Written, directed and produced by Australian filmmaker Christopher Frey, Explosions is a gravity-defying short showcasing the many talents of its multifaceted creator. Funded by the Australian Film, Television and Radio School’s Creative Fellowship award back in 2011, Frey’s visually stunning film explores themes of genre subversion, religion and philosophy.
After failing to save her boyfriend from this loss of gravity, a girl struggles to escape the phenomena.
Dialogue-free, Frey’s film follow its protagonist, simply known as ‘the girl’, as she frantically attempts to escape the fate that has befallen those around her. Visualising his film through the sumptuous slow-motion photography of cinematographer Edward Goldner, the director completes the look of his short with some feature-worthy VFX – created by Frey himself. Rounding off his production with a subtle and haunting score, also composed and produced by Frey, Explosions combines its many parts in perfect harmony, creating an film made to be experienced – not just watched.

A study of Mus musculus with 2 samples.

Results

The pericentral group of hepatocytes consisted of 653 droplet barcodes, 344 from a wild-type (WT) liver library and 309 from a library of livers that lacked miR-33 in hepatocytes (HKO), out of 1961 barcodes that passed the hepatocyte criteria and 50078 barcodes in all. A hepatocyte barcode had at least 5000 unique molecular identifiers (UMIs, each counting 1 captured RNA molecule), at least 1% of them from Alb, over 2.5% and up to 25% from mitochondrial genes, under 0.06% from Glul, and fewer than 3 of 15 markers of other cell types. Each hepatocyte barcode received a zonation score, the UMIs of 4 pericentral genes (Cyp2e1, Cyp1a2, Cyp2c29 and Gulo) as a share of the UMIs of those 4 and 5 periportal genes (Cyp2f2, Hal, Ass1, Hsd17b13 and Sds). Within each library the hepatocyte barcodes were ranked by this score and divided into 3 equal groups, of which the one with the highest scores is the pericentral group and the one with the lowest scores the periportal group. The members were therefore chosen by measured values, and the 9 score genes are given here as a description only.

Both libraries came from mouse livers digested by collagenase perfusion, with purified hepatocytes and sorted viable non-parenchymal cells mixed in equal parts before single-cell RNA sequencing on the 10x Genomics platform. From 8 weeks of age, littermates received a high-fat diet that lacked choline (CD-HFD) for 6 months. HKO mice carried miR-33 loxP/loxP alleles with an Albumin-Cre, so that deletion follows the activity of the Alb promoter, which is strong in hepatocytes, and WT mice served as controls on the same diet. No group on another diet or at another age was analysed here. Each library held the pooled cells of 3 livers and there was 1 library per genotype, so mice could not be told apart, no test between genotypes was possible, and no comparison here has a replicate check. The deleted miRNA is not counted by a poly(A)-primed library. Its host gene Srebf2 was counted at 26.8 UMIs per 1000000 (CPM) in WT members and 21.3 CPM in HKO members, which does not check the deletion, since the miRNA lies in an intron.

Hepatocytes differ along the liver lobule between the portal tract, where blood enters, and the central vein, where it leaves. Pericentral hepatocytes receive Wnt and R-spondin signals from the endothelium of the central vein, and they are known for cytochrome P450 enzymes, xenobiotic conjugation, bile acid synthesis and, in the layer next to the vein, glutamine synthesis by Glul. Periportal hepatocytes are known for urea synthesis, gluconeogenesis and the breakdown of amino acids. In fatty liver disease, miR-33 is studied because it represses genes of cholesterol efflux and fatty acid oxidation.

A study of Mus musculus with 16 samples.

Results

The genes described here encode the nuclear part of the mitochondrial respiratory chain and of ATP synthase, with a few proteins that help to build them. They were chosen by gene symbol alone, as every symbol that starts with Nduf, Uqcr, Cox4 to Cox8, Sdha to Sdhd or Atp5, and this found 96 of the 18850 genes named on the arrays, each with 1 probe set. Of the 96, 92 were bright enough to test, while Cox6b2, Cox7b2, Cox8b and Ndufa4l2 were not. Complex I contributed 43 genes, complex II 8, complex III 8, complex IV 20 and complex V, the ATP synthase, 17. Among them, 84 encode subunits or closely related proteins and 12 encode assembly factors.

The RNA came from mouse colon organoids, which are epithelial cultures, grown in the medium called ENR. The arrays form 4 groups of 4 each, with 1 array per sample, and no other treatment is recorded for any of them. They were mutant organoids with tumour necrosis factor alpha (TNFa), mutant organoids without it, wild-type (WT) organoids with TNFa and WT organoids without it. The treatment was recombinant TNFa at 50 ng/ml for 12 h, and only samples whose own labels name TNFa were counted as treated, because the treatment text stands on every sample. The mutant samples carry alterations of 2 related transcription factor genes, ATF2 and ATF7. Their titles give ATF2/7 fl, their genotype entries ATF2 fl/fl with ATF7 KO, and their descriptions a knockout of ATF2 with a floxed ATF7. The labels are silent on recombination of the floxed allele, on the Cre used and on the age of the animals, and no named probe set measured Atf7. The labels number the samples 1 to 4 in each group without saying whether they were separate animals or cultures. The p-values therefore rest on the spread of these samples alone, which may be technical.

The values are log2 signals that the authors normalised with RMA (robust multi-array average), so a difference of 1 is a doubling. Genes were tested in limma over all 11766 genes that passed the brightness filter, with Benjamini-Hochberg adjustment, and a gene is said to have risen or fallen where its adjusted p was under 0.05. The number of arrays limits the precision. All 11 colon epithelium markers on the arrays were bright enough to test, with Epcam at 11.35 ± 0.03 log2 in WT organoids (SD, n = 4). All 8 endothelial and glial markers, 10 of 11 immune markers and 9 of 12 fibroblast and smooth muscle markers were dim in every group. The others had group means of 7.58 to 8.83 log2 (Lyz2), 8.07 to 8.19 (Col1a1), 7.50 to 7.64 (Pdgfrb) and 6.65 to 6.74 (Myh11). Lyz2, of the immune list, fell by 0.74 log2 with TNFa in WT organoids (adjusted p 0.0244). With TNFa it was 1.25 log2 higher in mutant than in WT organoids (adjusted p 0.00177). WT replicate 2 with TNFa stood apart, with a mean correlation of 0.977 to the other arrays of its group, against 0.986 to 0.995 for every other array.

Despite its rich visuals, Frey’s short is much more than just an exercise in aesthetics, as his mysterious and captivating storyline makes this a short brimming with atmosphere and intrigue. With no attempts to explain the apocalyptic event unravelling in his narrative, Explosions leaves its audience to decipher this ethereal happening – act of god, scientific phenomenon, extra-terrestrial activity or something else?
Playfully blurring the boundaries of experimental and mainstream filmmaking, Explosions’ showcases the loose narrative and poetic feel usually found in abstract film, whilst also displaying the jaw-dropping visual flair more at home in a Hollywood blockbuster. It’s a blend that doesn’t always work when the balance is heavily weighted to one side, but with Explosions Frey has the equilibrium just right and successfully avoids the many pitfalls that could have resulted in his short aimlessly floating in the ether, like the subjects of the film.